Although the Boxster is Porsche’s entry level sports car, there's nothing entry level about it. Coming in base and S trims, the Boxster gets brand new styling for 2013 which while recognizable, includes some interesting wrinkles like side vents and a back that evokes the Carrera GT supercar. There is also new electric power steering and more powerful engines.
Moving up, the mid-engine two-seater Cayman enjoys its last year before a 2014 redesign. It features a horizontally opposed six-cylinder engine much like the Boxster, but instead of a retractable soft-top it comes in hardtop only. Think of the Cayman as a sharpened Boxster.
The 911 series is Porsche’s pride and joy, and the 991 generation of the iconic sports car debuted in 2012. There are over 20 varieties of 911s for sale, ranging from the Carrera, to the track ready 911 GT3 RS. Each of these rear engine, rear-wheel drive sports cars carries tradition, as well as head turning performance and looks wherever they go.
Porsche’s first trek into the luxury sedan market came in the form of the Panamera and Porsche continues to tweak the formula. The Panamera Hybrid sits at the pinnacle of both performance and efficiency.
For the first time since its debut, the Cayenne luxury SUV was also redone from the wheels up in 2012 shedding 400 pounds of weight through the use of more aluminum components which improves ride and responsiveness. The Cayenne Hybrid is available for added fuel economy, and mates a supercharged V-6 with an electric motor to ensure there is no drop off in performance.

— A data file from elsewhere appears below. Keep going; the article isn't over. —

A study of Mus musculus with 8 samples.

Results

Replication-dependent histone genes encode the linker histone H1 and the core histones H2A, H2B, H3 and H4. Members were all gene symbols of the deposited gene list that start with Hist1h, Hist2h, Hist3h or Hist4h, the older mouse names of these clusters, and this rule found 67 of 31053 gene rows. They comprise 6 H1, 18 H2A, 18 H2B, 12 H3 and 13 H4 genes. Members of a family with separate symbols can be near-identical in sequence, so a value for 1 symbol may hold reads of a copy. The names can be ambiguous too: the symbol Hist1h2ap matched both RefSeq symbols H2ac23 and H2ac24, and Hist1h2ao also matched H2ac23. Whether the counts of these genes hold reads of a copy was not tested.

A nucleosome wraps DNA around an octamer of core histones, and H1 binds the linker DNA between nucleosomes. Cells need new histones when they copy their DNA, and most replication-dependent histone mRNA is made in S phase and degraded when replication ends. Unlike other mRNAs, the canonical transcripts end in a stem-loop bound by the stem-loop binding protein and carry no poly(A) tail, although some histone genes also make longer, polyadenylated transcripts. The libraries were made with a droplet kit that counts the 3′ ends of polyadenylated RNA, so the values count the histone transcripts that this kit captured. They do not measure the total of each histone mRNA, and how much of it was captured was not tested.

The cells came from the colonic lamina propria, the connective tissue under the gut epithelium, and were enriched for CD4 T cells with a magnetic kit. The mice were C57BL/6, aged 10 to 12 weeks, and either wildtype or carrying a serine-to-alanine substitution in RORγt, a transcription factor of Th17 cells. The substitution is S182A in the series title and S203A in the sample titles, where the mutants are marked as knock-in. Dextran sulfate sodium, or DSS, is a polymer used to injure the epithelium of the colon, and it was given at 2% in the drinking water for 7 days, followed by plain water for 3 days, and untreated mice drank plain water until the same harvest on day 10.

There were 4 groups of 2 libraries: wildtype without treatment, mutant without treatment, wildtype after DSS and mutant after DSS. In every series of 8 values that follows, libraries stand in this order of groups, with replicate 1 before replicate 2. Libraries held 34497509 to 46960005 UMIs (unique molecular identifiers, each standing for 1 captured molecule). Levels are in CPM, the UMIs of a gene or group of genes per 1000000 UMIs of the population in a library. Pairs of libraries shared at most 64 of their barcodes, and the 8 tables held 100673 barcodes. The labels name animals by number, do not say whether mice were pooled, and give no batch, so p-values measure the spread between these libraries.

Zero percent financing, employee discount, cash back, out-the-door price tags...
Most dealers work hard to offer the public competitive prices. These incentives can grab your attention, but they can also obscure the actual terms you're getting on your purchase.
How can you fully understand incentives to get the lowest possible price on your car?
Most state franchise laws prohibit manufacturers from selling cars directly to the public, so the dealer will be your middleman. But in terms of financing and insurance, you can choose a bank or the dealer directly.
How can you determine what's in your best interest?
Destination charges, taxes, license and title fees, advertising fees... When going to a dealership, you must ask for an explanation of any fee you don't understand. But you need to choose your battles wisely. Your local car dealer may have taken a loss or slim profit along the way, and your fighting over something like a doc fee when the deal is nearly wrapped up may be counterproductive.
In any case, there are many fees and charges in the sale process: some inevitable, others questionable.
How do you tell them apart?
If you currently own a car, it probably represents profit. The question is, whose profit will it be?
With few exceptions, you'll get the most money for your used car by selling it privately. That's because dealers pay wholesale prices — not retail prices — for used cars, and they sell them at retail.
Your current car's value can be used to lower the price on your new car. However, most people underestimate their used car's value when going to a dealership.
How can you maximize your value?
The car manufacturer holds back a fraction of the price of all vehicles the dealership sells. Then, it returns the money to the dealership, usually on a quarterly basis.
Dealer holdback began its life as a safety net that ensured the manufacturers would have a security deposit of sorts if a dealership missed payments, and the dealerships would have money on hand to cover overhead costs when the holdback was returned.
How can you take advantage of dealer holdbacks to get the bottom line price?
Unlike consumer incentives, dealer incentives are factory-to-dealer incentives that reduce the dealer's true cost to buy the vehicle from the factory to below invoice.
Manufacturers offer these incentives on a regional basis to generate sales on specific models. These incentives are sometimes referred to as "spiffs," and they can touch off competition among dealers to move slower-selling stock.
For instance, a dealer incentive may kick in when a certain sales target is reached, with each subsequent sale resulting in a higher factory-to-dealer rebate.
How can you benefit from that?
We use your ZIP code to find accredited dealers in your area who will quote you their best internet price.